Last week at Soulless, we posted an Introduction to Post-Mortem Photography where we showed some examples of what exactly this type of photography entails and some basic history about where it came from. If you had an interest in this topic before we posted our article, then you probably already know something about today's topic. And if you don't, then perfect - you're in for a treat! Today at Soulless, we're taking a look at The Thanatos Archive.
The Thanatos Archive lives just outside of Seattle, Washington and is an extensive and exquisite collection of post-mortem and memorial photographs. The collection is owned and operated by Jack Mord, and contained within it are photographs from the nineteenth and early twentieth centuries, with some pieces dating back to the 1840s. The Thanatos Archive strives to collect and share these images of grief, sadness, beauty, pain, and death. The massive collection seeks to preserve these images and share them, so that we might learn, understand, and appreciate a dying form of art and grieving. Post-mortem photography is practiced only in small circles now, and the Thanatos Archive strives to bring us back to a time where this type of art lived and thrived.
The Thanatos Archive released a book in 2014 entitled Beyond the Dark Veil: Post Mortem & Mourning Photography from The Thanatos Archive, which features more than 120 Victorian-era and early twentieth century photographs of death and mourning. I think the way it is described on the book's profile puts it perfectly, "The images in Beyond the Dark Veil speak to us: they speak of love, loss, lives cut short, brave final hours, shattered families, and the depths of the human spirit." These images are real - and I don't mean in the sense of are they real or fake. They are real in that they are real emotion, real raw imagery of people in mourning and in death; that's the real that the Thanatos Archive brings to life and portrays to all who are willing to open their mind - and their hearts - to it.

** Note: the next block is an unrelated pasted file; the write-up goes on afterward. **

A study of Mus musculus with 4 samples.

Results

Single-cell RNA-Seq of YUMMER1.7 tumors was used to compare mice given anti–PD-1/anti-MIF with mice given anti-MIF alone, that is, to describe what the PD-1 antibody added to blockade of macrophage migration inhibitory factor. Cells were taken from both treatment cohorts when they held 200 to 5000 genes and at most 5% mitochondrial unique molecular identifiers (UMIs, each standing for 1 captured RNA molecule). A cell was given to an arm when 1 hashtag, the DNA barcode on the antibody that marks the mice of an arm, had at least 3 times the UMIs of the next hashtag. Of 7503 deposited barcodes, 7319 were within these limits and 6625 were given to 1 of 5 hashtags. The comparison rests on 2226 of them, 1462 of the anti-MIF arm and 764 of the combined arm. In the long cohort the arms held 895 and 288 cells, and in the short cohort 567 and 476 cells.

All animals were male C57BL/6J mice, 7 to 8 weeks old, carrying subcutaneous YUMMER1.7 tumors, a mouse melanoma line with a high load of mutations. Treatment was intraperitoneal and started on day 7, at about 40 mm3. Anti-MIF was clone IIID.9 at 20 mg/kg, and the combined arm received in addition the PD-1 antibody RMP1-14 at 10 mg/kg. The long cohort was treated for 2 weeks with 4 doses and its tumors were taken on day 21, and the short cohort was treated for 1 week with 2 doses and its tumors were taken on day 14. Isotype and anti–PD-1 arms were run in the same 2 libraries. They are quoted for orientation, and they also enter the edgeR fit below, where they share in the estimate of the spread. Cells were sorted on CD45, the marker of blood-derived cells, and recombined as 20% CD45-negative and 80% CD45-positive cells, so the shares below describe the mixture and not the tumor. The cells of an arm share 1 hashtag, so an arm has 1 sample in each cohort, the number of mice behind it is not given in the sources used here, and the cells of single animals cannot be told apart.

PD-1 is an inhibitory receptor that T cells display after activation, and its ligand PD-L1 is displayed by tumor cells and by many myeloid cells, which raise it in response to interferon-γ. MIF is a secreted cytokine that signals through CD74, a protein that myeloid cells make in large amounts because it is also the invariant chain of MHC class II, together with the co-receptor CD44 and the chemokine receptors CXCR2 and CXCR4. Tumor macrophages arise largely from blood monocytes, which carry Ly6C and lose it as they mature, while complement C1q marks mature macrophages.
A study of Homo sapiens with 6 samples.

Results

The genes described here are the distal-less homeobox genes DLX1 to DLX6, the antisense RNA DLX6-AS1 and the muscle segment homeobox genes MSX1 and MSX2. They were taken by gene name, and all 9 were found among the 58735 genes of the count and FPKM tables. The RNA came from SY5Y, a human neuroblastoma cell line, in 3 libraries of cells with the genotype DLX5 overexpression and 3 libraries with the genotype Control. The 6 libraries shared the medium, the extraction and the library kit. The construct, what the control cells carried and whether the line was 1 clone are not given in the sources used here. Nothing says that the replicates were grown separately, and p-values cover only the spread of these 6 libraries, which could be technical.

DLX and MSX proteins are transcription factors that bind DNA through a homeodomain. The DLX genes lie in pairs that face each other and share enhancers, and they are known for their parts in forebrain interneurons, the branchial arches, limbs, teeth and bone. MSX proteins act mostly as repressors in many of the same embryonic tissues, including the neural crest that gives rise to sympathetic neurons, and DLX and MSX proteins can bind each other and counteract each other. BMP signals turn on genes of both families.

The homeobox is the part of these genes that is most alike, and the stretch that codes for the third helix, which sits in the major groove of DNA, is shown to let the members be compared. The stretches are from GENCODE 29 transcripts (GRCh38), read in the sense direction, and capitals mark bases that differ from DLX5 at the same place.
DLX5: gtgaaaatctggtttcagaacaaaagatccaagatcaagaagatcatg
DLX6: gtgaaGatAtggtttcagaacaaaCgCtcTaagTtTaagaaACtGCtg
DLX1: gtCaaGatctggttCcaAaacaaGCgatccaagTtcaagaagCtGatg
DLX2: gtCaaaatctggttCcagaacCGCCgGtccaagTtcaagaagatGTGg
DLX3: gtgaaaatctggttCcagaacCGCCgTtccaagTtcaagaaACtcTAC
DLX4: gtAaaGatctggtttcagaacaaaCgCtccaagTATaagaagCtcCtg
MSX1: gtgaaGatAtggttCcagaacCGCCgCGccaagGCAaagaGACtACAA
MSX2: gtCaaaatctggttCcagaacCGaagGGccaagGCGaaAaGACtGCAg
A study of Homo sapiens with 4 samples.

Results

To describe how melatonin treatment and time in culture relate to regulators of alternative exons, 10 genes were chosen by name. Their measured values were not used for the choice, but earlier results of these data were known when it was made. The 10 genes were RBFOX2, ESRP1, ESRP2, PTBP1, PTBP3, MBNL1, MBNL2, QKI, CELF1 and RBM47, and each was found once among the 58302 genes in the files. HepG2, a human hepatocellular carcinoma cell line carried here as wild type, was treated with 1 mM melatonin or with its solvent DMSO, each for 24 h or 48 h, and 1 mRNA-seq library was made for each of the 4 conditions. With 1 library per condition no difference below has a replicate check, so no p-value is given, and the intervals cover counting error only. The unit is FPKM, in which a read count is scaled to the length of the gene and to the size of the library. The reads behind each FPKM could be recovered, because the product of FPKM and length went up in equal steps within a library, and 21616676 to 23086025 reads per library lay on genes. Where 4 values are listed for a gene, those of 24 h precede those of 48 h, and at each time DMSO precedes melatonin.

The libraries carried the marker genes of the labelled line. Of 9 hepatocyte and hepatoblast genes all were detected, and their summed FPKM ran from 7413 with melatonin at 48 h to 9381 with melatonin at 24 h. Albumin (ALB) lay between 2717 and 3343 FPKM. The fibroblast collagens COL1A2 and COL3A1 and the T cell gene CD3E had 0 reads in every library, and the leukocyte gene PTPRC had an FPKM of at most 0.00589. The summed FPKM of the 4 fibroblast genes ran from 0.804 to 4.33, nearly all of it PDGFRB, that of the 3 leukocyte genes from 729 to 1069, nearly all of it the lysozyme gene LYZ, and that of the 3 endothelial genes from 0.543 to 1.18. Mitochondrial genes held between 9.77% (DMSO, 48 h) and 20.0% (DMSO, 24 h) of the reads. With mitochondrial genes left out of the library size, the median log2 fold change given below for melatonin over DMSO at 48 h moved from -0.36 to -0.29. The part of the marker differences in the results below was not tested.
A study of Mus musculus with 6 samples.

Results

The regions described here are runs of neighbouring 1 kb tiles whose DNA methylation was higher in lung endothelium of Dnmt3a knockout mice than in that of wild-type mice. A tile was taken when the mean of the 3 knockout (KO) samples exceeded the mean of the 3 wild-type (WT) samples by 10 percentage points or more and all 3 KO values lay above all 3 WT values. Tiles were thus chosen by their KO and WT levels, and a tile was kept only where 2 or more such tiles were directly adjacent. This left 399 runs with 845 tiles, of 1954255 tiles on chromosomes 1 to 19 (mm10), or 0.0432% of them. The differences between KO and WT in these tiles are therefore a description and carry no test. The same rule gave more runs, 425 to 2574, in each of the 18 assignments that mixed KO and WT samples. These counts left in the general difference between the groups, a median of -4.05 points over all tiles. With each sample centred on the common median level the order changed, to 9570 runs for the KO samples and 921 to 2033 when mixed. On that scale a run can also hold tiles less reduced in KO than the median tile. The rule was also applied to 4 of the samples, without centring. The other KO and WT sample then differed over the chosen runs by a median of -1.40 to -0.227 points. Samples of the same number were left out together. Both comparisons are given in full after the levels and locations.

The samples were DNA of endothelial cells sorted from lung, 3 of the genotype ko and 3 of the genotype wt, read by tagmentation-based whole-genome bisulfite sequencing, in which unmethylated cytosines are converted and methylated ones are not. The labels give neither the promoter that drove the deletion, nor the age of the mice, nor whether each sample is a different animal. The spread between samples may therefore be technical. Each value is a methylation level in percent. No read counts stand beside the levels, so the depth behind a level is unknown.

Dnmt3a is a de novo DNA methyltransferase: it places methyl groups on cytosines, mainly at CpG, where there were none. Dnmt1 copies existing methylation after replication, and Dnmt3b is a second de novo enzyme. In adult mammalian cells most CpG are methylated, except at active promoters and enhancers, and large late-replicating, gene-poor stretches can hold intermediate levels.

I wanted to share this piece and the name Thanatos Archive with you today, because I wanted to invite you to dig deeper into post-mortem photography and find an example that speaks to you. I can scroll through these pages, image by image, and I might be unmoved by a lot of it... but eventually, I'll always come across that one photo that just does me in. It hits me on a personal level - the emotion, the grief, the sadness... not every memorial photo captures it... but the ones that do, it hits hard. So this is both my introduction and my invitation to visit the Thanatos Archive Instagram page or the website at Thanatos.net and just explore. Really take some time to check out the photos that have been shared there and find those photos that hit that emotional point for you. It's out there somewhere, but once you find out, you'll learn just why post-mortem photography is so powerful. If you are interested in buying a hardcover copy of the book published by the Thanatos Archive, Beyond the Dark Veil, click here to order a copy on Amazon.